So what's next in transcoding? For readers with current needs, the decision points seem to center on the impact of transrating and protocol conversion on your unique transcoding workflows. I'll cover transrating in a future article because it has significant implications for the transcoding process. But knowing upfront what delivery protocols you need will help simplify overall transcoding workflows, especially if the majority of your content delivery is H.264 in an MP4 container format.

Once the report is complete and published, we plan to turn our attention to web-based (also called cloud-based) transcoding solutions, to see how they compare to enterprise solutions and the emerging specialized media operating system noted above.

While we've not yet done testing on these SaaS solutions, our preliminary reviews indicate that they appear to hold promise, even with the heavy CPU tax that most SaaS solutions incur.

The idea of transcoding via the web is not new, but recent advances have seen the elimination of a long-standing bottleneck: long upload times negating the benefits of faster transcoding across tens or hundreds of CPUs. Now, instead of the incremental increases in speed for transcoding a single file to a single format, SaaS transcoding service providers take advantage of mass-scale computing to generate the 10-20 simultaneous outputs.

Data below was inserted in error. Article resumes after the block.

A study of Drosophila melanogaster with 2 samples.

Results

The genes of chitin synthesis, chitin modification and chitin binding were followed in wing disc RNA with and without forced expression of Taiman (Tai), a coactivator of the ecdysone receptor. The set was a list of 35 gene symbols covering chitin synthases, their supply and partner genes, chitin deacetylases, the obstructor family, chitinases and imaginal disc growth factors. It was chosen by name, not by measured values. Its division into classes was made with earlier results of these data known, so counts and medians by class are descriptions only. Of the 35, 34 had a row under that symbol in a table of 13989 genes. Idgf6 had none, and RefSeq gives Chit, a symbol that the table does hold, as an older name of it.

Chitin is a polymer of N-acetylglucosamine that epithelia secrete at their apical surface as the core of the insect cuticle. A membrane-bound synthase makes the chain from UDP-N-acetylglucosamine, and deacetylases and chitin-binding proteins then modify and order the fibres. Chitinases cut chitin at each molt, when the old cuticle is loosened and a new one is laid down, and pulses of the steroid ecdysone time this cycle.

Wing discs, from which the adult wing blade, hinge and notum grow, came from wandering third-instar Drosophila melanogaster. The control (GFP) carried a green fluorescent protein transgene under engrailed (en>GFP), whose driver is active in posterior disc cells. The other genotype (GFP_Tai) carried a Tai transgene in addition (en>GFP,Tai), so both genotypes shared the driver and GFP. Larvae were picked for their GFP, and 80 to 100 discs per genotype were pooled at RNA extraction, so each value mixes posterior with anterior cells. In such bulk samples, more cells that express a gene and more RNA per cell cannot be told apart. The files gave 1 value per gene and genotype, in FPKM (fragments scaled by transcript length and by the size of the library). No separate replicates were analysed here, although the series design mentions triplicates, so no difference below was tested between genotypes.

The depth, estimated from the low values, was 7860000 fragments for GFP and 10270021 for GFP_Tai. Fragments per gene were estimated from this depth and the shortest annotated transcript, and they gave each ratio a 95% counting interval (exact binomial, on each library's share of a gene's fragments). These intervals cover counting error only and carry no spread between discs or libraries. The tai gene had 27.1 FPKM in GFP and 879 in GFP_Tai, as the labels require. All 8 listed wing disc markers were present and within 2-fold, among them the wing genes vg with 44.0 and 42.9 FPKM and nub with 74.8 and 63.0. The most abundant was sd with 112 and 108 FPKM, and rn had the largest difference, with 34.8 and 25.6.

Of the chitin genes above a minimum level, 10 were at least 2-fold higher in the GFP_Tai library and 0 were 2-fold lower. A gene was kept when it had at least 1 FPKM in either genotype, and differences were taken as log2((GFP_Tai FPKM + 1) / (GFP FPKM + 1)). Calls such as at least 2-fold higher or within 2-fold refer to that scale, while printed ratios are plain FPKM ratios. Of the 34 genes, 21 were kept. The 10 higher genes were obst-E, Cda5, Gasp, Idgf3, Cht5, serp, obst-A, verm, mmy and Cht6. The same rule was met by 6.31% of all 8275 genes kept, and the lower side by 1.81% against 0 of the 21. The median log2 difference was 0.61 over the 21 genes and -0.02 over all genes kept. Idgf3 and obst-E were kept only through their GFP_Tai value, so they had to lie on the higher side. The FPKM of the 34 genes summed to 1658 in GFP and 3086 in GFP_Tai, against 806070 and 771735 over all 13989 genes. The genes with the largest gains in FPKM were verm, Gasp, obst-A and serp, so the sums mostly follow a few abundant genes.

In a recent press release, one company claims to have performed 4,500 video encodes at 100Mbps, each in a 20-minute period using 900 processors. Another company claims it is transcoding more than 1 million video files per month, with an average of seven outputs per video file. Yet another is claiming it is transcoding millions of video files per month.

The misconception of SaaS solutions, driven partly by the way cloud encoding platforms are pitched, leaves the impression
that an enterprise should immediately shift all its processes and workflows to the cloud. In reality, our initial review of real-world workflow processes indicates that SaaS solutions are best optimized when they integrate with existing enterprise applications, processes, and workflows.

Taking advantage of local processing for some steps while relying on massive processing for other steps allows a user to gain the best of both approaches to transcoding, and enterprises are not forced to decide between cloud-only and existing
enterprise solutions.

This isn't to say SaaS has no potential, just that it has a way to go to reach the robustness of enterprise solutions necessary for comparative testing. There is hope, though, within the derivative of SaaS solutions known as online video platforms (OVPs), which transcode and deliver within the same integrated platform.

As such, our game plan is to invite mature SaaS and OVPs to a comparative test of their own shortly after IBC, followed by an early 2011 round of testing that compares hybrid cloudenterprise solutions against online-only solutions. The results from our current enterprise-class transcoding comparison tests will serve as a baseline for quality, speed, and workflow integration. Sounds like quite a bit more time under the hood, providing a much-needed comparison service for users of key transcoding solutions.